Has there been a Romanian and Bulgarian influx to the UK?
It is nearly three months since restrictions were eased on Romanian and Bulgarian migrants. So, how many have actually come?
The first official statistics will not be available until May but anecdotal reports from councils and community leaders suggest there has not so far been a big influx.
Nicolae Ratiu, who heads a foundation supporting the Romanian community, says: "There has not been a massive wave. A lot of the people who wanted to be here were already here.
"Now they are registering for work and that is entirely legal."
Many low skilled Romanians head straight for Cricklewood in north-west London, where there is an established population.
But some arrive with no money and nowhere to stay. Homelessness has been a stubborn problem.
At dawn I joined police and outreach workers looking for some of the migrants who have disappeared into London's underworld. At the Brent Cross flyover in north London we were taken to some disused maintenance sheds.
Inside there was a shocking picture of destitution. The migrants had just slipped away. But the stench of dirty sheets and rotting rubbish was overpowering.
Police who had been there before said that on their previous visit rats were running freely over the sleeping areas. There certainly appeared to be signs of rodent infestation under one of the mattresses.
How desperate would you have to be to think this filthy squat was your best option?
Stefan Lazar knows the answer better than most. He was sleeping in a garage until recently.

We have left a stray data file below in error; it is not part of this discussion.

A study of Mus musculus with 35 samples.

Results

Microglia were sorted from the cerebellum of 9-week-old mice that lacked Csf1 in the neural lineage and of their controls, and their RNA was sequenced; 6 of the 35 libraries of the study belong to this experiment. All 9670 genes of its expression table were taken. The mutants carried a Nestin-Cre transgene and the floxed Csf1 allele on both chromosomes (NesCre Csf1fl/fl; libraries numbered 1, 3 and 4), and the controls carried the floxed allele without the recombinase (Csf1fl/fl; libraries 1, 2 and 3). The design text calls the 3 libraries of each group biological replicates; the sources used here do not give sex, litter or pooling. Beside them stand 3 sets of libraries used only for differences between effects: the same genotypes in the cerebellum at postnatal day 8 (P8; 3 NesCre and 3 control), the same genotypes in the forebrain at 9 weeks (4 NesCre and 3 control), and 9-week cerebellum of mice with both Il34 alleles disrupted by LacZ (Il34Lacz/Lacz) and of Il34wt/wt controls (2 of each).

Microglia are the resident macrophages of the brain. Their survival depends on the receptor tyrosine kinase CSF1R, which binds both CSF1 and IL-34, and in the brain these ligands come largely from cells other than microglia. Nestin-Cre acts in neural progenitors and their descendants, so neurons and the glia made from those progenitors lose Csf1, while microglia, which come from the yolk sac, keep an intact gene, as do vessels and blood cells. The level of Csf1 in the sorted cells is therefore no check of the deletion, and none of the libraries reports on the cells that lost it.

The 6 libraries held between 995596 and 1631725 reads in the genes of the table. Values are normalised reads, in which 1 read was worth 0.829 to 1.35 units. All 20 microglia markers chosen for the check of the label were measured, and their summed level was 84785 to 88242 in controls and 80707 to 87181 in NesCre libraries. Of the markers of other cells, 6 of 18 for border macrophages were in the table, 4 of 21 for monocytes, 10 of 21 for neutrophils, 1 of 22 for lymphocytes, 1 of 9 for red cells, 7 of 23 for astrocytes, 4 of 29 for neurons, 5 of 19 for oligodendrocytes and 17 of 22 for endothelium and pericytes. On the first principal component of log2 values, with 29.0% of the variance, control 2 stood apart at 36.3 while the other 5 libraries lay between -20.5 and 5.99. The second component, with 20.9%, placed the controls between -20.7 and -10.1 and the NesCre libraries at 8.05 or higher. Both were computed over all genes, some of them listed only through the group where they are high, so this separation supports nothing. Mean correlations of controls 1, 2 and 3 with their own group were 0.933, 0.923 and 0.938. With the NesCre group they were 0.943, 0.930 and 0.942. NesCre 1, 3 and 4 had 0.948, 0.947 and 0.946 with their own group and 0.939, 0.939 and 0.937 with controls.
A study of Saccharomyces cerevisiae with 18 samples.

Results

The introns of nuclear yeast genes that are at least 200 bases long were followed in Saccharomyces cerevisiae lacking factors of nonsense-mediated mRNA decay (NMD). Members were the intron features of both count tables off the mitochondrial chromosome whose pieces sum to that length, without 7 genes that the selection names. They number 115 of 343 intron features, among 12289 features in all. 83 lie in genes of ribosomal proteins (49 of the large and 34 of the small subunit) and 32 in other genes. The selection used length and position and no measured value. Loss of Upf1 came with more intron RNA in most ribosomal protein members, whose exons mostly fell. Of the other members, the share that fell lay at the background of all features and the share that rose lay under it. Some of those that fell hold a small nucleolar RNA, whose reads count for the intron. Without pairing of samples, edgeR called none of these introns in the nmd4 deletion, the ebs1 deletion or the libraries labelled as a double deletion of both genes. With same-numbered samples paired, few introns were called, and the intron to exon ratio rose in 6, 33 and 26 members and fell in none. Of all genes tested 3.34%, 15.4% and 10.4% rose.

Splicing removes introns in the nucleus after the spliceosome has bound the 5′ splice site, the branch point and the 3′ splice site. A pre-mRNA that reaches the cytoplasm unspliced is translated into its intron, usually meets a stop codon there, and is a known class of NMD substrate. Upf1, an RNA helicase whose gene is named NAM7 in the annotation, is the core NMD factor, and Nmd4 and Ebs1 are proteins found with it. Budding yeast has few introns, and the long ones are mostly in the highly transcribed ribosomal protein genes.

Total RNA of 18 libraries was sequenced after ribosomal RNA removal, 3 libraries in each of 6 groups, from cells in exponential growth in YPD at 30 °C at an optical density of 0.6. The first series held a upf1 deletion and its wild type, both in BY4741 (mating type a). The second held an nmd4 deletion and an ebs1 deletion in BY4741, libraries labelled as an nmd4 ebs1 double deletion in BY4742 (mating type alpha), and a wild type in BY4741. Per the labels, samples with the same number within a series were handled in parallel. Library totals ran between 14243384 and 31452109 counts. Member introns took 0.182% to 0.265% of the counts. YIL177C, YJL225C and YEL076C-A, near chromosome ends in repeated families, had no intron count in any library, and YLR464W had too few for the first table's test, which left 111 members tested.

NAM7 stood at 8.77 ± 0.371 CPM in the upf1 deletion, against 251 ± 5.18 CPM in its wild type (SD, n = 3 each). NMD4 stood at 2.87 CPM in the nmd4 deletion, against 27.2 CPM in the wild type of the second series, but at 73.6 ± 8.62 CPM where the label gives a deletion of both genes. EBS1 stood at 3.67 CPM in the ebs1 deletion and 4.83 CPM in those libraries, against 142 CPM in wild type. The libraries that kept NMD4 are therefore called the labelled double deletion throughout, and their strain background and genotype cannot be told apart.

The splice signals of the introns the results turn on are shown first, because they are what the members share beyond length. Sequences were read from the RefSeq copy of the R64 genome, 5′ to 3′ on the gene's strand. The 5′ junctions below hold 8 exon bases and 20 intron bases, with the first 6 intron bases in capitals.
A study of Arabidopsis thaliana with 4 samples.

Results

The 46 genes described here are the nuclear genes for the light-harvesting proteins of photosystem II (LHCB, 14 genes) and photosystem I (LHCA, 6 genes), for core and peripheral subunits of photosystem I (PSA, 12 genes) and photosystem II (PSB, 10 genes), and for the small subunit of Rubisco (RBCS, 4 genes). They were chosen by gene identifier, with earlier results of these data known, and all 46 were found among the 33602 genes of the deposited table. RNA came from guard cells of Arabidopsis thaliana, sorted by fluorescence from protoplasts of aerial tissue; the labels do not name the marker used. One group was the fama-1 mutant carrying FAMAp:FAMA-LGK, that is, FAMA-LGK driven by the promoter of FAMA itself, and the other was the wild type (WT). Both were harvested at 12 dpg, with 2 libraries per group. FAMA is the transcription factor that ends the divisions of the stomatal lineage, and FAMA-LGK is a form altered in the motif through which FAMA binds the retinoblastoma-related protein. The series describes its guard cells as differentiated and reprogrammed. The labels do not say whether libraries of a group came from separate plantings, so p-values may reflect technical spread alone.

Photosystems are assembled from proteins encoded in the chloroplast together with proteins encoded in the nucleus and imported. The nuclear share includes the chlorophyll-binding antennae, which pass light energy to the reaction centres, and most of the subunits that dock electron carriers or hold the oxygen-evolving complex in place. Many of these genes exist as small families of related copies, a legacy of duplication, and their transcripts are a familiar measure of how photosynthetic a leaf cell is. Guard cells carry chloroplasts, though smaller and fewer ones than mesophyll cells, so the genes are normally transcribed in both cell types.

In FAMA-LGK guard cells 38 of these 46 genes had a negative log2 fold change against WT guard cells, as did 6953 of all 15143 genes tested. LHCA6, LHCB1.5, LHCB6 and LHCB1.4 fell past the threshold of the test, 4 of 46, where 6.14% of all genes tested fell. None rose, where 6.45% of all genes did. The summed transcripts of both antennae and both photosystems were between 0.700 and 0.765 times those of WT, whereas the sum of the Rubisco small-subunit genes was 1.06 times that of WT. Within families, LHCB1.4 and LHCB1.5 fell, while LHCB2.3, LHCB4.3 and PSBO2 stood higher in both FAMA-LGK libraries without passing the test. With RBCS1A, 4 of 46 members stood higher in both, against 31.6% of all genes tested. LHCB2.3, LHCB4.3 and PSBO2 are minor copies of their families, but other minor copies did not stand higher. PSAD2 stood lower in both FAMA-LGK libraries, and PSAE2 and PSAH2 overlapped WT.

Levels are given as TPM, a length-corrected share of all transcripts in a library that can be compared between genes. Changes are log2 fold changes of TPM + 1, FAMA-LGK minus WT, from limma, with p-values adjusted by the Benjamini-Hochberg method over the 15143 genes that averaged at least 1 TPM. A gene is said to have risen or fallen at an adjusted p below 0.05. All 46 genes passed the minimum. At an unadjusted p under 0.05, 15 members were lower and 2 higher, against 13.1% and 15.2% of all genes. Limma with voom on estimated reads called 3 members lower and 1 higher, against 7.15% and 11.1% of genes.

But he has now found a more secure shelter. With some help, he has also obtained the most vital thing of all - a national insurance number to work legally.
"For me, England is very beautiful," he told me. "For me I don't have another chance. This is my chance."
But Moise Lapadat, another man who has been sleeping rough, has already had enough.
"I wouldn't encourage others to come," he said.
"It could be beautiful here. But if you've got nowhere to sleep and no work, it's no good."
Homeless Romanians come to a community project called Ashford Place in Cricklewood. They are given shelter, food, and help registering with a GP and finding work.
Those running the centre say there has not been a sudden new surge of migrants since January. And they strongly reject the idea that Romanians have come to live on welfare.
"If nothing else it's about pride," said Lucien Lawrence, an outreach worker.
"These people aren't content to come over and exist on benefits. I've never met a group of people more offended by the idea of benefits."
Some Romanians have had success in the UK already this year. Community leaders say many doctors, nurses and IT workers have arrived and found jobs quickly.
Romanian building and construction businesses are already well established in London.
Violeta Patrascu is one of the highly educated and qualified migrants. Last week she was delivering pizza. Then she landed a job as a driving instructor.
The next step, she hopes, is to set up her own business as a lifestyle coach and motivational speaker.
"I find more opportunities here for my development, and for my family's development," she said.
"That's why I came to London. I came to work."
But community leaders accept that homelessness and the perception of criminality affected the impression many have of Romanians in the UK.
They say there is more to be done to convince the public, the media and some politicians that new migrants are here to make a positive contribution.